Travel Tips, Business Pleasure
We invite all our clients and busy people to take their business pleasure. There's always a trick and a way if we have the will to unwind, relax, and do business while at the whitesand shores. With the latest technology we have, you can do real-time multi-tasking work while on vacation. Technology is everywhere now such as converged communication, we can always make our time precious, productive, and meaningfull. We read the article of Dorothy J. Griggs, who is a licensed Enrolled Agent and has over 10 years of tax and accounting experience.
Enrolled Agents are tax professionals licensed by the federal government to represent taxpayers and assist them with tax planning and tax return preparation. Dorothy is also a member of the National Association of Enrolled Agents. Let me quote her words about "Deducting your combined biz/vacation travel." Time with family is precious.
why more and more business travelers are adding on vacation
to their trips and inviting family to join them. Sometimes
it's easy to mix business and pleasure - especially with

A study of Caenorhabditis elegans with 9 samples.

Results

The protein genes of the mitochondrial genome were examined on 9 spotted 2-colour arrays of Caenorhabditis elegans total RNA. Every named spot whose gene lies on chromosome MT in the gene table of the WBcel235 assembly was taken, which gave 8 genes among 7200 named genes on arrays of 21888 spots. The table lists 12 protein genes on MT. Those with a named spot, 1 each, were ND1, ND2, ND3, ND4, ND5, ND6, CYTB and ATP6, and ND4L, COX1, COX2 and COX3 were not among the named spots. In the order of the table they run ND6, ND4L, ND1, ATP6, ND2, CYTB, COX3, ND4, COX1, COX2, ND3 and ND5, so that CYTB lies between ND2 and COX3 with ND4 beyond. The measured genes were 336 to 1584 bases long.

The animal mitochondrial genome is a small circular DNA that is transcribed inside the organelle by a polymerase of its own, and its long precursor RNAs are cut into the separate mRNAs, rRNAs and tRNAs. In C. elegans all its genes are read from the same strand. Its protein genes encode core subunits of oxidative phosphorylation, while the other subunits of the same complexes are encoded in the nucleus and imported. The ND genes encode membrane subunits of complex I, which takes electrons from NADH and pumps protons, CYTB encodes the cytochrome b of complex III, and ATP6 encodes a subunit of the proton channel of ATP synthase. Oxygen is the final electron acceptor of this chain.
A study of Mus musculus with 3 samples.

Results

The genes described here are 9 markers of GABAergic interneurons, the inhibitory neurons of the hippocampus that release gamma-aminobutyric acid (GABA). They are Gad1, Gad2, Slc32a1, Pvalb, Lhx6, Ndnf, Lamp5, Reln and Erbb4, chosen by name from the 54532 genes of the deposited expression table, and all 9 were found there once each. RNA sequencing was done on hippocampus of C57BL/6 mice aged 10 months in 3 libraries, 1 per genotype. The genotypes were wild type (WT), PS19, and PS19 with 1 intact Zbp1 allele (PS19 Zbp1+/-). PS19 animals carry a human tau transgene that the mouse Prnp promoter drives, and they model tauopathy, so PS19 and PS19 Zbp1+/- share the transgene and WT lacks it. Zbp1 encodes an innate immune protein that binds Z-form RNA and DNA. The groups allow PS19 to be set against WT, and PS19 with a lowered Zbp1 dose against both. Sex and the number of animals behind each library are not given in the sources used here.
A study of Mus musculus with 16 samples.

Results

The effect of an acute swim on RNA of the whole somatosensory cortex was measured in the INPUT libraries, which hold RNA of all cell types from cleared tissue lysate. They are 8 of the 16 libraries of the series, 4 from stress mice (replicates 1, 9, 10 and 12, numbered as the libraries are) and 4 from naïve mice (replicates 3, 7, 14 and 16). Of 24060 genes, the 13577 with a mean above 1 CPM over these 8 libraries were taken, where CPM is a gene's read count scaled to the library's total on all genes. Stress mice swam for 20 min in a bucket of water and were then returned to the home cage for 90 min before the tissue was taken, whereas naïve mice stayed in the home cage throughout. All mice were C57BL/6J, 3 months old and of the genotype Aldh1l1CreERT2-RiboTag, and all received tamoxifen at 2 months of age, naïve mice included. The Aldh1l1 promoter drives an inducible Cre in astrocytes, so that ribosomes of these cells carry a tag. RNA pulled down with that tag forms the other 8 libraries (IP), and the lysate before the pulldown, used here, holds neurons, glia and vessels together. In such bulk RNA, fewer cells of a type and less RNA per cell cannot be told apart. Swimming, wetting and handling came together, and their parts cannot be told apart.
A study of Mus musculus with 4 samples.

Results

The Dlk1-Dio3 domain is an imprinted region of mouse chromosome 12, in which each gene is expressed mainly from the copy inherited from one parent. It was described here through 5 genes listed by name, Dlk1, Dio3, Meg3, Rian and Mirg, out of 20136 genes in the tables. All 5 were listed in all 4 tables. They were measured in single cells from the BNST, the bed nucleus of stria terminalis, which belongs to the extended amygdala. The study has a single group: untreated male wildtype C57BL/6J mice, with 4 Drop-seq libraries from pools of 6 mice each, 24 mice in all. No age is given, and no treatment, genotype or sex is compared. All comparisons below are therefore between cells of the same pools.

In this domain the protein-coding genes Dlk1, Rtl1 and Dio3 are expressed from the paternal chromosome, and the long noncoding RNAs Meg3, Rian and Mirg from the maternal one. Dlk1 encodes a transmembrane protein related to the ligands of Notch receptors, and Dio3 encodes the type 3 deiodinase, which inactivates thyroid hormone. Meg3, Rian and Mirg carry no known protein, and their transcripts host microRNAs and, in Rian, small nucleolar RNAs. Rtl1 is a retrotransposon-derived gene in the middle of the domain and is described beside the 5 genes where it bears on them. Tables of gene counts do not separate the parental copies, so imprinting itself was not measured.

the trend toward booking business conferences at resort
areas like Orlando or Las Vegas. With a little advance planning,
you can get Uncle Sam to foot part of the bill - legally.
course, you don't have to fly to get tax write-offs. The
same rules apply when you travel by rail or car. Pack the
family into the car for the joint business/vacation destination,
and you can deduct the total cost of driving back and forth,
even though others are in the car. When you share your hotel
room with family members, you may deduct the cost of what
you would have paid for a single, rather than double, room.
Just be sure to ask the hotel to note the single rate on
If staying over a Saturday night would substantially reduce your airfare - and thus the overall cost of your business trip - the IRS will cut you a break. In effect, the IRS lets you count the extra days as business days because staying over actually saves money. Remember, your trip must still be primarily for business and you can only deduct 50 percent of your meal expenses.
Keep in mind that the IRS pays close attention to deductions claimed for business travel. Maintain a log to substantiate your business activities. Include the dates of departure and return, the number of days spent on business, and the reason for the travel." End of quote.